Crust Us. Pizza boxes
Pizza night is a great tradition in many American households – and this year, an especially popular option for consumers staying home or scaling back on restaurant dining. Recently, we learned that pizza lovers have one more reason to feel good about embracing pizza night: it’s now been officially established and agreed that the pizza box is, in fact, recyclable.
The news, released in July by the American Forest and Paper Association (AF&PA), corrects a common misconception: the belief that cheese and grease stuck to the boxes would negatively impact recyclability. A study by WestRock, an AF&PA and FBA member company, found that the typical amounts of these contaminants are acceptable, and paper mills that recycle boxes concurred.
“Corrugated pizza boxes are successfully recycled every day at paper mills throughout the country, yet consumers remain confused by mixed messages suggesting that some boxes should not be put in the recycle bin,” said AF&PA President and CEO Heidi Brock. “So, let’s be clear: pizza boxes are recyclable. Consumers should not be concerned about grease or cheese – simply remove any leftover pizza and place the box in the recycle bin. We encourage communities to update their residential recycling programs guidelines to explicitly accept pizza boxes that are free of food.”
Various industry partners are joining in the call for consumers to recycle their pizza boxes. Industry agreement clears the way for positive action to increase recovery of old corrugated containers (OCC) in recycling programs. It also gives pizza purveyors a new opportunity to promote alignment with consumer values at a time when people are thirsting for connection and for ways in which they can contribute to the greater good. Recycling pizza boxes can create a cascade of benefits, in fact, for the box industry, pizza restaurants, towns and cities, and individuals – as well as for the environment. Here’s why:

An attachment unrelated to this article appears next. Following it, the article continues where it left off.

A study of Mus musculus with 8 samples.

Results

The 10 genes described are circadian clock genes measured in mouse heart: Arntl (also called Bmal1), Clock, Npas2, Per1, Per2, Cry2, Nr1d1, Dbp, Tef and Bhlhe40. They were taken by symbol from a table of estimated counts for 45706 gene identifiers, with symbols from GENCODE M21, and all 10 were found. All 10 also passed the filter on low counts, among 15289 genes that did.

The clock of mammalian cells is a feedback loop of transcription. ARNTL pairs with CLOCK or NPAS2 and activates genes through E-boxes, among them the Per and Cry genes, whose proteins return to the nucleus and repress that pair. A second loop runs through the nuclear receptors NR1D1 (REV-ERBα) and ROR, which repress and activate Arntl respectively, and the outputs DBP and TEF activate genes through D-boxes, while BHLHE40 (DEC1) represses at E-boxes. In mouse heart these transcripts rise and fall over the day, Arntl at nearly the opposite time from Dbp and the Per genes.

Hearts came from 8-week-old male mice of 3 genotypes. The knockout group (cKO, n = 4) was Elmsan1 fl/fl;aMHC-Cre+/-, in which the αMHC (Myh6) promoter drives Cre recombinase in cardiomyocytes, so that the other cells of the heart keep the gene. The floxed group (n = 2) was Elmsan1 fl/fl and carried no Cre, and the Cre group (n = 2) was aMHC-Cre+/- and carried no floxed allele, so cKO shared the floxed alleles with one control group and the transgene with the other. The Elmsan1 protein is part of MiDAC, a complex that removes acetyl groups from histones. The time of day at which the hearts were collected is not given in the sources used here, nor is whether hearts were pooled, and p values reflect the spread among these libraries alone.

- Working with contractors and haulers, municipal recycling administrators can add pizza boxes to the list of acceptable materials for collection in residential recycling programs.
- That’s good, because there is a hungry domestic market for the OCC, which supports recycling economics and infrastructure.
- In fact, the corrugated industry needs to recover more OCC in order to keep making new boxes; the average corrugated box is made of 50% recycled fiber from OCC, and 50% new fiber from harvested trees grown in sustainably managed forests. The recovered fiber is an essential feed stock.
- Around 90% of the corrugated produced each year is successfully recovered for recycling, but the shift from retail/restaurants to home delivery moves more boxes to households and out of the well-established, commercial recovery stream.
- Collecting pizza boxes in residential recycling programs will make more recovered fiber available for manufacturing new boxes – needed to support the viability of all supply chains, in all industries, which rely on boxes to transport products of all kinds.
Pizza sellers have an opportunity to promote goodwill and positivity by reminding customers to recycle their boxes. The “Corrugated Recycles” emblem should be printed on every pizza box, at a minimum, to drive the message home. Letting customers know that they can make a positive contribution by recycling those boxes is a great way to capture a spirit of cooperation that is good for everyone. The box industry gets more raw material back for making new products; the restaurant and customer can bond over a shared commitment; a little good news goes a long way; and the planet wins with every box that is recovered and recycled.
It’s not always obvious what can and can’t be recycled. But the corrugated packaging industry is committed to making recycling as easy as ordering your favorite toppings. Eat pizza. Remove any leftover pizza (we won’t judge you for not eating the crust). Recycle the box.
For more information about WestRock’s study on the impact of grease on recycling post-consumer pizza boxes, visit: https://www.westrock.com/greasecheesestudy.